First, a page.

How to Care for Frosty Ferns

So-called Frosty Ferns have been popping up at retailers this Christmas and selling like gingerbread hotcakes. The bad news is that they probably came with no care instructions whatsoever, but the good news is that they're exceptional plants that will look great in your home or garden year-round. Here are 6 things you should know about this luscious new holiday houseplant.

1. Frosty Ferns aren't Ferns
But they are related to ferns, at least. Frosty ferns are actually spikemosses in the Selaginella genus; a variegated form of Selaginella kraussiana to be precise. I had the luxury of seeing these in production at Central Florida Ferns while writing my book Plant by Numbers, but before they were even released to the general public. Check out my Six Shades of Selaginella post for the scoop on some other pettable varieties.

2. Frosty Ferns need Moist Soil
The number one way to kill a houseplant is by overwatering, but frosty ferns and other spikemosses are the exceptions to the rule and you'll probably need to water thoroughly every 2-3 days. If the soil is starting to feel a little dry, it's time to water. If the whole plant feels lighter than usual, it's also probably time to water. If your plant starts to wilt, water immediately. Do it now. Go, go, go!

3. Frosty Ferns need Drainage
In other words, get it out of that gawdawful red cellophane wrapper so that water won't sit and rot the roots of the plant. Instead, place the pot on a saucer or use a decorative pot instead, dumping any excess water that puddles up. This doesn't mean you should let the soil dry out, though, because they like it nice and moist. Selaginella can tolerate soggy soil outdoors, but not indoors - especially since hard minerals can accumulate in the soil. Which leads me to my next point.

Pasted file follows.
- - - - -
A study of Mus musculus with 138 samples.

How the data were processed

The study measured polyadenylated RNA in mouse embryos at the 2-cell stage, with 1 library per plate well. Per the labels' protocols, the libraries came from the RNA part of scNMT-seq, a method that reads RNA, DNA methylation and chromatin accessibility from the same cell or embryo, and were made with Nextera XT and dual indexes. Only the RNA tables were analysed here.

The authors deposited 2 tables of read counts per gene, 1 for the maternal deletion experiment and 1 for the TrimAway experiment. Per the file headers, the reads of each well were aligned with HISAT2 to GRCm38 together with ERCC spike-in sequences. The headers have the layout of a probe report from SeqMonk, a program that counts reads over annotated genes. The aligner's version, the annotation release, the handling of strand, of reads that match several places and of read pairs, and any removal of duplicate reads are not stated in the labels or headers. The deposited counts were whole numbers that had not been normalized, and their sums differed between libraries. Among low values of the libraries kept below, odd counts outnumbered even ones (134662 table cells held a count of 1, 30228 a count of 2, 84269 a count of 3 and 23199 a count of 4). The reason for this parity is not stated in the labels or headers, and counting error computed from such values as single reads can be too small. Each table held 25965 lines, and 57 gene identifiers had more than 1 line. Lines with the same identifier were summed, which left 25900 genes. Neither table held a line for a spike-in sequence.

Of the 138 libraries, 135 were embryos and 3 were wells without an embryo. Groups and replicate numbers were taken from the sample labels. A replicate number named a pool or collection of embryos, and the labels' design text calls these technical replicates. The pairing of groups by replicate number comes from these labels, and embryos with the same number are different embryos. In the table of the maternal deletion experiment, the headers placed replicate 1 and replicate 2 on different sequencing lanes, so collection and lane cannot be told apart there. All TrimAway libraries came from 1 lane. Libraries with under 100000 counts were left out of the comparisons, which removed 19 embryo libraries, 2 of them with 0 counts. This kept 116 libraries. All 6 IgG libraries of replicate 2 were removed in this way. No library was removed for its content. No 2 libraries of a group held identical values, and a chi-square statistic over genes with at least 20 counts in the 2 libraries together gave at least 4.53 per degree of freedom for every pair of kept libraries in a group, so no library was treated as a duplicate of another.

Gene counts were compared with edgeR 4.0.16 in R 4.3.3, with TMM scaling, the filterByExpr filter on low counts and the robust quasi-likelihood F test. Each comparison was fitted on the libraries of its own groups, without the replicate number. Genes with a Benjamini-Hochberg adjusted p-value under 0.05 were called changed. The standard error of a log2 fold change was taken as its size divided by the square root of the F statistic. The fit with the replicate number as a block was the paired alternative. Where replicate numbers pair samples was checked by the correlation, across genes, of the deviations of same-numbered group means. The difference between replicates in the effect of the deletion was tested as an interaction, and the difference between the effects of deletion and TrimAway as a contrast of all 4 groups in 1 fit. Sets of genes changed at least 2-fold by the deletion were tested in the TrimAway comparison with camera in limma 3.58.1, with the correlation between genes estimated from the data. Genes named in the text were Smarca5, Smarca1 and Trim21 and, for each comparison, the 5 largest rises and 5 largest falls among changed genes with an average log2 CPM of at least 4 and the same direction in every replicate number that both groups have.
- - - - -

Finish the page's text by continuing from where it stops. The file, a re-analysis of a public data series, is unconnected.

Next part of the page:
4. Frosty Ferns Hate Hard Water
If you frequently see hard water spots on your dishes, you have hard water. This means that your tap water carries a hidden slurry of minerals that, while harmless to us, are damaging to sensitive ferns and clubmosses. You can either use water in jugs (pricy) or filtered water, or rinse out your potting mix periodically so that the minerals don't form a yucky crust on the surface.

5. Frosty Ferns like Bright, Indirect Light
In other words, they like it bright, but shaded from the sun. Bright Indirect Light is the kind of light that most houseplants crave; bright enough to comfortably read a book, but not so bright that it hurts your eyes. If you look out the window from the plant's POV at the sunniest time of day, you should not see the sun itself. Sunburned Selaginella plants get white and parched wherever the direct sun hits - kind of like the white variegation already on the plant, but worse.

6. Frosty Ferns need Humidity
Houses are dry places, especially during winter. These humidity-loving plants can quickly turn crispy and brown in a heated home, but you can combat dry air in a number of ways. Spray the plant a few times a day with water, using a mister from the cosmetics aisle. This is great boredom buster if the plant is on your office desk. Growing it on a water-filled tray of pebbles is another option, but it works better in the company of other plants. The easiest and most attractive option is to grow it under glass using a cloche or a wardian case to keep moisture in place.

Frosty Ferns are Worth the Trouble
They sound finicky, but spikemosses are really easy when you understand their requirements: Moist soil, humidity, drainage and soft water. Few houseplants offer the tactile appeal of Selaginella, and its soft, fluffy texture on your office desk is enough to soothe your nerves until the clock strikes five.

If you don't want to commit to caring for a houseplant, don't toss it in the trash! As long as you live in USDA climate zones 6-10, frosty fern and other Selaginella kraussiana cultivars will happily occupy a moist and shady spot in your garden.

1 comment:

  1. (Other options for water if you have hard tap water: dehumidifier water and rainwater.)